Do Minors and Motorcycles Mix?

From the perspective of the operator, riding motorcycles is part exhilaration and part trepidation. All of the amazing things that go along with being care-free are perpetually in the shadow of what can happen in the blink of an eye when other drivers fail to share the road. In 2014, almost 4,600 motorcyclists were killed in traffic crashes and 88,000 were injured. Those statistics aren’t enough to dissuade most motorcyclists from riding, whether for necessity or for pleasure. When you love your bike that much, you want to share it, and children are naturally curious — but how young is too young? The law varies from state to state on this issue, but the majority have no age restrictions for passengers. That is true here in Kentucky and all seven of its bordering states. Kentucky law requires only that passengers under age 21 wear a helmet and that there are passenger seats and footrests on the bike. Discussions are ongoing as to whether age rather than height, weight, or some other factor is really the best way to determine whether a passenger will be safe. For minor passengers, helmets should meet DOT (Department of Transportation) standards and should fit properly. A helmet that is too small can be uncomfortable or even painful. A helmet that is too big can come off in mid-crash, so be sure to avoid adult-sized helmets. Full-coverage helmets that have a section over the mouth with an eye port covered by the face shield are preferable. If there is no face shield, glasses or goggles should be worn. The chinbar should be fastened snugly, and children should understand that keeping the helmet securely fastened is a condition of riding. While allowing children to ride may not be illegal, there are many precautions that motorcyclists should take with young passengers. Consider:

  • Requiring that they wear protective clothing, including gloves and long pants.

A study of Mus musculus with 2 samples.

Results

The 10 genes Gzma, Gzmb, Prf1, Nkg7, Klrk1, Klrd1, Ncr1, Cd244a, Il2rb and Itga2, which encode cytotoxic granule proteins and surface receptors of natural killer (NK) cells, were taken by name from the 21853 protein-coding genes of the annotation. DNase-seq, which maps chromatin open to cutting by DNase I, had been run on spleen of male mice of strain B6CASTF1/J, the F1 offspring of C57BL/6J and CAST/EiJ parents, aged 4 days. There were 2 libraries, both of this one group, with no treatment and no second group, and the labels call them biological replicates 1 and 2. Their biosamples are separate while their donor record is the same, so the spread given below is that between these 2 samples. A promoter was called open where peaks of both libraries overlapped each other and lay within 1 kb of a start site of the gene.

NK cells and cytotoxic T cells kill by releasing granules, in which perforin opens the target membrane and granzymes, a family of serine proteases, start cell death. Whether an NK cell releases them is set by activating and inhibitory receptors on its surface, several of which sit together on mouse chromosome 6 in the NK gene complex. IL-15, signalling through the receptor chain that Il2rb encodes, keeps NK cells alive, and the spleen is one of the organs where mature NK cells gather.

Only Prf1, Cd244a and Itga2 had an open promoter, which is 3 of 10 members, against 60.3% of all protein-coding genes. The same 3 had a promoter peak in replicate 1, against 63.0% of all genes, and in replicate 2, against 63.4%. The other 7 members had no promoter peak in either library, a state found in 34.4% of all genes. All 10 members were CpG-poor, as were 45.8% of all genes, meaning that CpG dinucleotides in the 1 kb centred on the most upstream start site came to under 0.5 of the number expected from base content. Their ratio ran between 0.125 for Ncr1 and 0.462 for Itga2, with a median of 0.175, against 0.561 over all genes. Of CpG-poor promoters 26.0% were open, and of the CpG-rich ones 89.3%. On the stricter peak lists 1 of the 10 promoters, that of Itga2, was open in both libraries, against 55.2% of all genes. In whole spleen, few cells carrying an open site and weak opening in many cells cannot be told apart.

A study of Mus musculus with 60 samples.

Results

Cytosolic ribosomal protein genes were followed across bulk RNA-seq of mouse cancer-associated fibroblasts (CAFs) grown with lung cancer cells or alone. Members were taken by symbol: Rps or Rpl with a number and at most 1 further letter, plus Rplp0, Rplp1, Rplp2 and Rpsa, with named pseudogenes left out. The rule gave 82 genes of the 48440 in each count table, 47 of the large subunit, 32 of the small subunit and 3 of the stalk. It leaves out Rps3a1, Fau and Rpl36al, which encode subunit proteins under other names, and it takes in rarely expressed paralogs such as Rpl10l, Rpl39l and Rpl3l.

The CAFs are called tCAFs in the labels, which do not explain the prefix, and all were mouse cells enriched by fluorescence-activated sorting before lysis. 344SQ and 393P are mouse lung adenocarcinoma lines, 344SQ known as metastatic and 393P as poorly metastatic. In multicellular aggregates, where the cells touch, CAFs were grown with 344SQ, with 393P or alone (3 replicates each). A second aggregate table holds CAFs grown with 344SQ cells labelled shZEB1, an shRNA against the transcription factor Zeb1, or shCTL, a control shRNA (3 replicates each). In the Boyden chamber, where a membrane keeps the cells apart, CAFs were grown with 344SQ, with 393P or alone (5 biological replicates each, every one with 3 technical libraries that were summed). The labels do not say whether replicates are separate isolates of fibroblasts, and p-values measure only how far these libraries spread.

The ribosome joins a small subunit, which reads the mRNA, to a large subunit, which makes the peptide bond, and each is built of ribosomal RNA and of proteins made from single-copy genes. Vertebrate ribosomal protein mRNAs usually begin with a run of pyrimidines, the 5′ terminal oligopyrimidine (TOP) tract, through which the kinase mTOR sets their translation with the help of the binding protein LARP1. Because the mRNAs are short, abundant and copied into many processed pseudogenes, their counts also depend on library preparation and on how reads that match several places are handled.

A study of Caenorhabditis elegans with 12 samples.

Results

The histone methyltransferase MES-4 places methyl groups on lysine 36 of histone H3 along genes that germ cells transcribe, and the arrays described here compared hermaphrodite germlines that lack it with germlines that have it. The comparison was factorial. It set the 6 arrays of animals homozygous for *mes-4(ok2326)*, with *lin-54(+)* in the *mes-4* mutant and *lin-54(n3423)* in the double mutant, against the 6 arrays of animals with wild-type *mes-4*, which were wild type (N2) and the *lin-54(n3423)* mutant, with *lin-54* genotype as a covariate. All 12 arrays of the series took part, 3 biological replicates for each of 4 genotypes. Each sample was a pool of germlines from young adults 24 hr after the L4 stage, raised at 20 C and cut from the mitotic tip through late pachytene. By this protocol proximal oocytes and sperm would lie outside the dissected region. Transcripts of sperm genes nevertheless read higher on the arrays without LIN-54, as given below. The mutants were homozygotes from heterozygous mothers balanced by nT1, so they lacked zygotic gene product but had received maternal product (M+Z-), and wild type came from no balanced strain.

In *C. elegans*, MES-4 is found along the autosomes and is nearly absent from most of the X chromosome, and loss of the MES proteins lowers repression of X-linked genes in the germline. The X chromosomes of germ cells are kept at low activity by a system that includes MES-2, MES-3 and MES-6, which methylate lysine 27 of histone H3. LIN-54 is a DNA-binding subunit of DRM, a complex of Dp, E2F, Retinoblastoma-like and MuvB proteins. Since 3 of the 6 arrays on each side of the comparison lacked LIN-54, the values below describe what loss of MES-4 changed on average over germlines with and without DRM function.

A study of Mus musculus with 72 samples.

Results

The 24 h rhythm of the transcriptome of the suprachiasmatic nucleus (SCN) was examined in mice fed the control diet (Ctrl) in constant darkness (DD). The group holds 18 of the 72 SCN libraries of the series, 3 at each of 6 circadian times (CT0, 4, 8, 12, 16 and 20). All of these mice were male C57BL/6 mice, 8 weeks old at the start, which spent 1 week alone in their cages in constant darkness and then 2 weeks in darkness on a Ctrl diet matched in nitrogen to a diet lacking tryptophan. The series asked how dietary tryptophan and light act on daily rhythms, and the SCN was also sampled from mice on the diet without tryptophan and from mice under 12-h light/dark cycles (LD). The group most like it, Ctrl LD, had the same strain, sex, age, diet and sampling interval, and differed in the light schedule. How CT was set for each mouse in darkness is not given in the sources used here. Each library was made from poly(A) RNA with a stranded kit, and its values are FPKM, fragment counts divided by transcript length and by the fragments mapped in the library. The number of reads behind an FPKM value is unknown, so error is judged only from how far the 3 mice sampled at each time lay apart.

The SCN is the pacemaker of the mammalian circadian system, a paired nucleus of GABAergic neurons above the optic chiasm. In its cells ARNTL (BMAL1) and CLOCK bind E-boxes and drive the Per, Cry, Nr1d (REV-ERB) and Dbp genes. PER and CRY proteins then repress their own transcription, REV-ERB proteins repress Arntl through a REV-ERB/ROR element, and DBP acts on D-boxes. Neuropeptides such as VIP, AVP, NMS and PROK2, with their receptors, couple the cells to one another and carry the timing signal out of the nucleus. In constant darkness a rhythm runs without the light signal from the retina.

• Walking them completely around the bike and showing them where not to touch (exhaust, wheels, fenders, etc.).
  • Explaining how to mount, dismount, and sit on the bike.
  • Explaining to older children how to “ride their position” – how/when to lean, how to communicate problems, and what to do when the rider corners, brakes, and stops.
  • Showing how and where to hold on (there are even special belts and harnesses available to help younger children). Be sensitive to the fact that kids may fall asleep on longer rides and that holding on for an extended time can be difficult for short arms.
  • Outfitting your motorcycle with a backrest.
Child passengers should never sit in front of the driver because they can be ejected over the handlebars if the motorcycle has to stop suddenly or rear-ends a vehicle. They can also interfere with the driver’s ability to control the bike. Beware of gusts from passing vehicles, especially semis, which can have a bigger effect on children than adults. Motorcycle users also share responsibility with other drivers to follow the rules of the road. At a minimum, don’t weave in and out of traffic, don’t operate your bike after drinking alcohol, don’t speed, and don’t tailgate. If you have any questions about this topic, have been injured in a motorcycle accident, or have lost a loved one in a KY motorcycle crash, trust your case to the attorneys at the Johnson Law Firm. Founded and overseen by a lawyer who rides (his favorite bike is his Harley Davidson CVO Ultra Classic), the Pikeville, KY-based Johnson Law Firm has represented motorcyclists who have been injured in a wide variety of situations. We have over 15 years of experience helping people, and we can help you. Contact us by calling 606-437-4488 or filling out our online form.